Regular readers wouldn’t be the only beneficiaries of a well-stocked national digital library system that included contemporary books, not just pubic-domain classics. So would writers, who could better keep up with literature in the here and now. Meanwhile here’s a little perspective from George Gissing, my favorite Gutenberg author of the moment, writing in the somewhat autobiographical novel The Private Papers of Henry Ryecroft:
Dozens of my books were purchased with money which ought to have been spent upon what are called the necessaries of life. Many a time I have stood before a stall or a bookseller’s window, torn by a conflict of intellectual desire and bodily need. At the very hour of dinner, when my stomach clamoured for food, I have been stopped by sight of a volume so long coveted and marked at so advantageous a price, that I COULD not let it go; yet to buy it meant pangs of famine.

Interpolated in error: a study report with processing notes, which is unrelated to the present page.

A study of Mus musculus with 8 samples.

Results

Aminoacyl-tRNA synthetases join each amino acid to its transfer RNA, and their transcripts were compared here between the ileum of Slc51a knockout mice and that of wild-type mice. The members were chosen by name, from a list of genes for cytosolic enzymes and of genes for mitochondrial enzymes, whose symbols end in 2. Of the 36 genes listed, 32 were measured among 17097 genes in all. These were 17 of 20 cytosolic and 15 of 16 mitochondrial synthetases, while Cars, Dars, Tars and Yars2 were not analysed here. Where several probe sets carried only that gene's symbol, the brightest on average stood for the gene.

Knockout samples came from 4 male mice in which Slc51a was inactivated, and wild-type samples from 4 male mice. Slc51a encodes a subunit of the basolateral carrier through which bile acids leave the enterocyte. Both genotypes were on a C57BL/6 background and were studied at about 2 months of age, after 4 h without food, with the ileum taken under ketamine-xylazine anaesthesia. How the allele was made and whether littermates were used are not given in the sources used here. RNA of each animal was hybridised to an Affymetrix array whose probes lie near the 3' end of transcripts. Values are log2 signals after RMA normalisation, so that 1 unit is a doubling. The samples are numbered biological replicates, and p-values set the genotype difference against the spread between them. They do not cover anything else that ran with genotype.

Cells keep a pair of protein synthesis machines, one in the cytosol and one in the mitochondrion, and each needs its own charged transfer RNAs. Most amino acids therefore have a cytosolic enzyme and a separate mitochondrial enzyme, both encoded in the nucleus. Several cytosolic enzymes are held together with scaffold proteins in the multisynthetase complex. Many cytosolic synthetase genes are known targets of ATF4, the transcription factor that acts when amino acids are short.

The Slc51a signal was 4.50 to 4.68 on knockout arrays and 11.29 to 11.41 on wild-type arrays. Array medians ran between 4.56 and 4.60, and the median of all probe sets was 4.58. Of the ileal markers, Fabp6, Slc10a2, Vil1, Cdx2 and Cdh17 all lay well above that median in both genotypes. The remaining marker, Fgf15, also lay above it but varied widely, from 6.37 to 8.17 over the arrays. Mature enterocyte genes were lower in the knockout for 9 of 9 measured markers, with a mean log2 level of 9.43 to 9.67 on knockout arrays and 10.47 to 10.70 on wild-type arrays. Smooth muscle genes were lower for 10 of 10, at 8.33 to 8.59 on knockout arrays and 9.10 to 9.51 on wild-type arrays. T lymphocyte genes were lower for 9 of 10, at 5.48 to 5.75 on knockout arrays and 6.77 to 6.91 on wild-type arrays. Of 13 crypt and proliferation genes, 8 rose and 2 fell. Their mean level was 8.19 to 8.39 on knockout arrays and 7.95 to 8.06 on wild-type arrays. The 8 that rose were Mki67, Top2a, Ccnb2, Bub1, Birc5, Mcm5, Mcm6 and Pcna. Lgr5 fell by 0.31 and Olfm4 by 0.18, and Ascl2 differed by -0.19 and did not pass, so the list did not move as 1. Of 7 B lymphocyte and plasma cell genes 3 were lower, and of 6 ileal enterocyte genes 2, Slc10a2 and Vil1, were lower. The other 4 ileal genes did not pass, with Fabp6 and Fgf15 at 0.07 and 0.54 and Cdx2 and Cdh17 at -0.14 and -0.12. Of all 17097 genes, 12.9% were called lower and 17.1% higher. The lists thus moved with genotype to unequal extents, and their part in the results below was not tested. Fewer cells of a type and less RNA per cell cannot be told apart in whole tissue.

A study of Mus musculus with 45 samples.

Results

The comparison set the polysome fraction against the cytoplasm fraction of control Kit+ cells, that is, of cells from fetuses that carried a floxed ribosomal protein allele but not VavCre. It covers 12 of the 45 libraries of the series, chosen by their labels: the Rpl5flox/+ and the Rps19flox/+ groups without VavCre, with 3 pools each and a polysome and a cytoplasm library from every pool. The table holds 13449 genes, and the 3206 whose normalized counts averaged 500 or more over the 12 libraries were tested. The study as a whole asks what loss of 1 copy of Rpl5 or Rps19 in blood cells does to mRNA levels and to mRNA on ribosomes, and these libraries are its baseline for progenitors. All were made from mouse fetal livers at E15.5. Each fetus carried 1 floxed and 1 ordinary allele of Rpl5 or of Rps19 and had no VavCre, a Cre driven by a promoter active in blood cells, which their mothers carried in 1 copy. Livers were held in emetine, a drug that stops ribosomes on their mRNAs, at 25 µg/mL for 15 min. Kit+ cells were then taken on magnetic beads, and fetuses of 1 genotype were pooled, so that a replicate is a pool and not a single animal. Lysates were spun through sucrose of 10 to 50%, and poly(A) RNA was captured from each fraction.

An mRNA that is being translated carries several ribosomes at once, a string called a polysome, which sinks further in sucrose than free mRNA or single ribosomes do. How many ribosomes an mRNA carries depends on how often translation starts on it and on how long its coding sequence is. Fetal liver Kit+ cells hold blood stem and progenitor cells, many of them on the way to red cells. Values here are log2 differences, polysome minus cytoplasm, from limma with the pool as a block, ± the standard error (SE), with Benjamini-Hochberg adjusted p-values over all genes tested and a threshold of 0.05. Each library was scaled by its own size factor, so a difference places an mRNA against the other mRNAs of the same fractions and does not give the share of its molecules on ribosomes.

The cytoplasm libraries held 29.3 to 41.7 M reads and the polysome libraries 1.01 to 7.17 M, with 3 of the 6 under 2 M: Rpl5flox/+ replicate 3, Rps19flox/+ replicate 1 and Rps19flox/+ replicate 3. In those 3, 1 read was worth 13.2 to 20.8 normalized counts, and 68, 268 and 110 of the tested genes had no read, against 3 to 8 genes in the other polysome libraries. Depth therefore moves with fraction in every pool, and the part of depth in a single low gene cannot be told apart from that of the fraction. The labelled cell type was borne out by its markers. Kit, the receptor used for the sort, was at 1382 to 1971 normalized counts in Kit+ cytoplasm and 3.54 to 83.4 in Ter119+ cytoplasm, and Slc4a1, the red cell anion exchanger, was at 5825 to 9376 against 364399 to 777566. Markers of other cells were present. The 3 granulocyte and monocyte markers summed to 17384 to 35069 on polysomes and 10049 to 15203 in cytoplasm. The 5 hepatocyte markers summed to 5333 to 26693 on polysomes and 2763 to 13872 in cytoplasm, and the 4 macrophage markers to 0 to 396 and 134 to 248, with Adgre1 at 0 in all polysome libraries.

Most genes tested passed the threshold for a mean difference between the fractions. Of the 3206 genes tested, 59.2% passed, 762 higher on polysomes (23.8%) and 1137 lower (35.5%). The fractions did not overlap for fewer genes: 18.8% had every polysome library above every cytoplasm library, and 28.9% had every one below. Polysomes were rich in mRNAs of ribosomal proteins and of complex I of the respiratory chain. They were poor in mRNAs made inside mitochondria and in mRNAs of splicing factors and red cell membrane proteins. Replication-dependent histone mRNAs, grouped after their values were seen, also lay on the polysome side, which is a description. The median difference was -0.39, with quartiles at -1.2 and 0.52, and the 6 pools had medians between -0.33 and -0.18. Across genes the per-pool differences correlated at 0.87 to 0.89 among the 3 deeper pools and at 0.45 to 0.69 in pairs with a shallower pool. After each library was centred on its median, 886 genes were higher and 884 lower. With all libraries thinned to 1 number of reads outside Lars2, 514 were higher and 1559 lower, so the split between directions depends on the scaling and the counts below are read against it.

All of the above is something to consider in the context of the Sonny Bono Copyright Term Extension Act, which jacked up the cost of literature for writers along with the rest of the world. It may actually have hurt many authors by driving up the expenses of adaptations of books for plays and movies.
Related: The ultimate book on starving writers just may be New Grub Street, also by Gissing.
About that Microsoft-format edition from Amazon: Would you believe, Amazon is charging $2.99 for an electronic version of Ryecroft, a pubic domain book you can get for free at Gutenberg and elsewhere. A big reason why? Because Amazon serves it up in a popular proprietary format. Oh the glories of the format wars. Yet another reason for a Universal Consumer Format. Actually even bookstores would come out ahead since they wouldn’t have to cope with the Tower of eBabel in juggling around inventory. A huge operation like Amazon could especially benefit.